A principle can be defined as an underlying fundamental law or concept. Therefore, Business Analysis principles are the basic rules that should be followed to manage changes successfully.

The Business Analysis Book of Knowledge (BABOK) does not currently contain an official list of principles for successful change initiatives. However, IIBA’s Agile Analysis Guide provides 7 principles which are:

  1. See the whole.
  2. Think as a customer.
  3. Analyze to determine what is valuable.
  4. Get real using examples.
  5. Understand what is doable.
  6. Stimulate collaboration and continuous improvement.
  7. Avoid waste.



Here are 16 Business Analysis Principles we are proposing:
  1. Set clear and objective goals and outcomes – A change without clear objectives is bound to fail.
  2. Engage stakeholders continuously – Stakeholder needs are the reason for the change. Stakeholders must work together throughout the project.
  3. Include all relevant stakeholders – Successful change management requires all key stakeholders to be included in the change initiative.
  4. Think holistically – Changes affect people, processes, and technology and are essential for successful change.
  5. Adapt vigorously – Welcome change for competitive advantage.
  6. Deliver iteratively – Better outcomes frequently, from a couple of weeks to a couple of months, with a preference to the shorter timescale.
  7. Encourage change adoption – Motivate stakeholders to change for the better.
  8. Communicate frequently – The most efficient and effective communication is face-to-face conversation.
  9. Measure continually – Better outcomes are the primary measure of progress.
  10. Work sustainably – Stakeholders should be able to maintain a constant pace indefinitely.
  11. Pursue excellence – Continuous attention to excellence in business analysis skills, processes, and tools.
  12. Avoid waste – Art of maximizing the number of requirements not done–is essential.
  13. Reflect regularly – Stakeholders reflect on how to become more effective, then change behavior accordingly.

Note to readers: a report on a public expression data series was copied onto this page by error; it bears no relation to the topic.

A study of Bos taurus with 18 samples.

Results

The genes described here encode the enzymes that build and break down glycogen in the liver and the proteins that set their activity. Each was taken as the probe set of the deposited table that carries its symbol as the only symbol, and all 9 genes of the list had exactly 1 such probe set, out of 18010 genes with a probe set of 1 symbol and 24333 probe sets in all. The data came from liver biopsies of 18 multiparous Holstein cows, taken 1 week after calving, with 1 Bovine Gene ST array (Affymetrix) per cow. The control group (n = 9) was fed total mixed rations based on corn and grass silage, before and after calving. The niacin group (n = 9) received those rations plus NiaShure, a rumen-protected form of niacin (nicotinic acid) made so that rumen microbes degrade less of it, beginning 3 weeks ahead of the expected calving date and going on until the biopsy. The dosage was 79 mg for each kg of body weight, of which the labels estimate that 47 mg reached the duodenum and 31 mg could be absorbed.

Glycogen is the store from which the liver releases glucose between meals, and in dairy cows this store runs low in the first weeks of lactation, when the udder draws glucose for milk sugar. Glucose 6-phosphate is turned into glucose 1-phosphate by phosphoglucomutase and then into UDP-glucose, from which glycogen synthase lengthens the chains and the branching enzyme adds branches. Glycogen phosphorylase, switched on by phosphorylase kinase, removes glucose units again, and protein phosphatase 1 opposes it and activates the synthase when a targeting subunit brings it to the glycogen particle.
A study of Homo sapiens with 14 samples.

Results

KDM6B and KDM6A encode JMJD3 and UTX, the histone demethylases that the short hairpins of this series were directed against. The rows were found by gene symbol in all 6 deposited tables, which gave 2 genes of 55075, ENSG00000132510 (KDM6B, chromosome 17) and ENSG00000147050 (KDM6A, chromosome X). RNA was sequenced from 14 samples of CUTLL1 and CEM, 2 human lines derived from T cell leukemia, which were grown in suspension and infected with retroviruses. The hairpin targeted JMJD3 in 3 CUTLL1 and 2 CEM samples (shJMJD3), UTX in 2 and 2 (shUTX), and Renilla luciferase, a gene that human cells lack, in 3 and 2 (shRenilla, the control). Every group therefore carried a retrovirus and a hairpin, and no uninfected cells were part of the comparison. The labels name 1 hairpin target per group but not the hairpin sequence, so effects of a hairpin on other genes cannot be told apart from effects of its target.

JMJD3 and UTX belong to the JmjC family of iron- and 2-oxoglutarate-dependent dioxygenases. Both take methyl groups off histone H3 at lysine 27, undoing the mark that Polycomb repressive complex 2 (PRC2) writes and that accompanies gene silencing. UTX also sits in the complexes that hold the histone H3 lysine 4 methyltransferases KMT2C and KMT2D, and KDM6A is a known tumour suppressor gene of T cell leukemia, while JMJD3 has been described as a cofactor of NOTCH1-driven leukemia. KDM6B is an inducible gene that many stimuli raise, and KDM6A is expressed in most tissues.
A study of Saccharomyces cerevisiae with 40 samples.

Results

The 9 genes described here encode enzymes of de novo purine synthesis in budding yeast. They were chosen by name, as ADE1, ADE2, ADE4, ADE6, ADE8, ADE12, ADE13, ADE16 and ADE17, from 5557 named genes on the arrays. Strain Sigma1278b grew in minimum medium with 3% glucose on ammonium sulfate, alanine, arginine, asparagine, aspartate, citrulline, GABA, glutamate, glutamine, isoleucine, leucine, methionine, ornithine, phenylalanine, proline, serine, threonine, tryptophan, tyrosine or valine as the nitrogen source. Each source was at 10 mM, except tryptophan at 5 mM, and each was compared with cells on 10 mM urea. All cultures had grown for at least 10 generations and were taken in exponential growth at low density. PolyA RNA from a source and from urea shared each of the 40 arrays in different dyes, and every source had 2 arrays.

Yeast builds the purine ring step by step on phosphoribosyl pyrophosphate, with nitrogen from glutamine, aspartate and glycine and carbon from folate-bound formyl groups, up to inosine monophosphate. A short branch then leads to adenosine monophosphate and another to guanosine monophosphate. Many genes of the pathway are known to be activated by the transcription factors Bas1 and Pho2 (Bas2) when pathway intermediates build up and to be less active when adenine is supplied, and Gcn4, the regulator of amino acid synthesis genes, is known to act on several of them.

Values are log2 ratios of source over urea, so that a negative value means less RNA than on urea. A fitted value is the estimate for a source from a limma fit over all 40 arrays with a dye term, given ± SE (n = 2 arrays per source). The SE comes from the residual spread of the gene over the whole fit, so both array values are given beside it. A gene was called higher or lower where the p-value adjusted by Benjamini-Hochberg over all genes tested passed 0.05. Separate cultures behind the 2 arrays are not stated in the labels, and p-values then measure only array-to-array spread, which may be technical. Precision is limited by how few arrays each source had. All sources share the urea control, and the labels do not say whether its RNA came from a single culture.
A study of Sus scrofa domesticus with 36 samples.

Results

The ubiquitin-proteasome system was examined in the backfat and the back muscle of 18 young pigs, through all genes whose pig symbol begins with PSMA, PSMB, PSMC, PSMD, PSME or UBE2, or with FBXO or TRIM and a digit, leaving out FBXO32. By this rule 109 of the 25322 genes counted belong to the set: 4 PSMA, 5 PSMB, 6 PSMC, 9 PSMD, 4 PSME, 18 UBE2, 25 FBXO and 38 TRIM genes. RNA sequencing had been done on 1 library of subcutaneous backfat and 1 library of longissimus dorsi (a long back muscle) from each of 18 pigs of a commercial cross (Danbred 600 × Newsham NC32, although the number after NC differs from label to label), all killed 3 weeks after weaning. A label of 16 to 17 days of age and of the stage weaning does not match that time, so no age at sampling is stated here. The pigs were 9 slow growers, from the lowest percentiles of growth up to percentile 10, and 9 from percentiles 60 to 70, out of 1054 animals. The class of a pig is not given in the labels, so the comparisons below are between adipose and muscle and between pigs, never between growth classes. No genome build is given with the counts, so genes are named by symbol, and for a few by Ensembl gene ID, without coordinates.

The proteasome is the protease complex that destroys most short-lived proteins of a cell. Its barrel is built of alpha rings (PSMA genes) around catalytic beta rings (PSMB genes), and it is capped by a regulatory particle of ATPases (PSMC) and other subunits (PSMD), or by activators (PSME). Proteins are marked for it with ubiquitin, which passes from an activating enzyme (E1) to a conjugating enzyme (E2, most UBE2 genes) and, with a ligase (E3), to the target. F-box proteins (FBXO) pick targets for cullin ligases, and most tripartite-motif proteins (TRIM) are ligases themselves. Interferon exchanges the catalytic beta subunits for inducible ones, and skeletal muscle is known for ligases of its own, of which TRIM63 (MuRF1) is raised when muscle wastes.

14. Organize dynamically – Best solutions emerge from self-organizing teams.
  15. Manage risks proactively – Identify, analyze, and mitigate risks
  16. Define roles and responsibilities – Set clear expectations from all key stakeholders.


I sincerely believe having a set of guiding principles for a profession is extremely valuable. Do comment about any other key principle we should include in the principles.

LN Mishra

LN Mishra (LN) CBAP, CBDA, AAC, CCA Helping BAs to Improve Their Careers: Guided 1000+ BAs to be IIBA® Certified World’s 1st BA to hold all 6 IIBA certifications Practicing BA for 25+ years, Acclaimed Author, Versatile Trainer and Consultant Co-founder and COO @ Adaptive US I have 25+ years of professional experience in agile software development, requirements analysis, business analysis, IT GRC, and management consulting. I currently play the role of business analysis thought leader and product owner, SuXeed, Adaptive’s flagship learning solution. He has been part of multiple large system developments, In-country Value System for PDO Oman and the Color Data Management System for AkzoNobel. I was also involved in multiple large ERP implementation projects and was involved in one of the world’s largest change management programs in PricewaterhouseCoopers, for a large utility agency. I have conducted 300+ workshops in business analysis, requirements management, agile, software project management, Six Sigma, CMM, ISO 9001, and ISO 27001. I have guided 30+ six sigma projects in iGate, MACH, and Akzo Nobel. I hold Post Graduate Diploma in Management (PGDM) from IIM Ahmedabad and BE (Honors) in Electronics.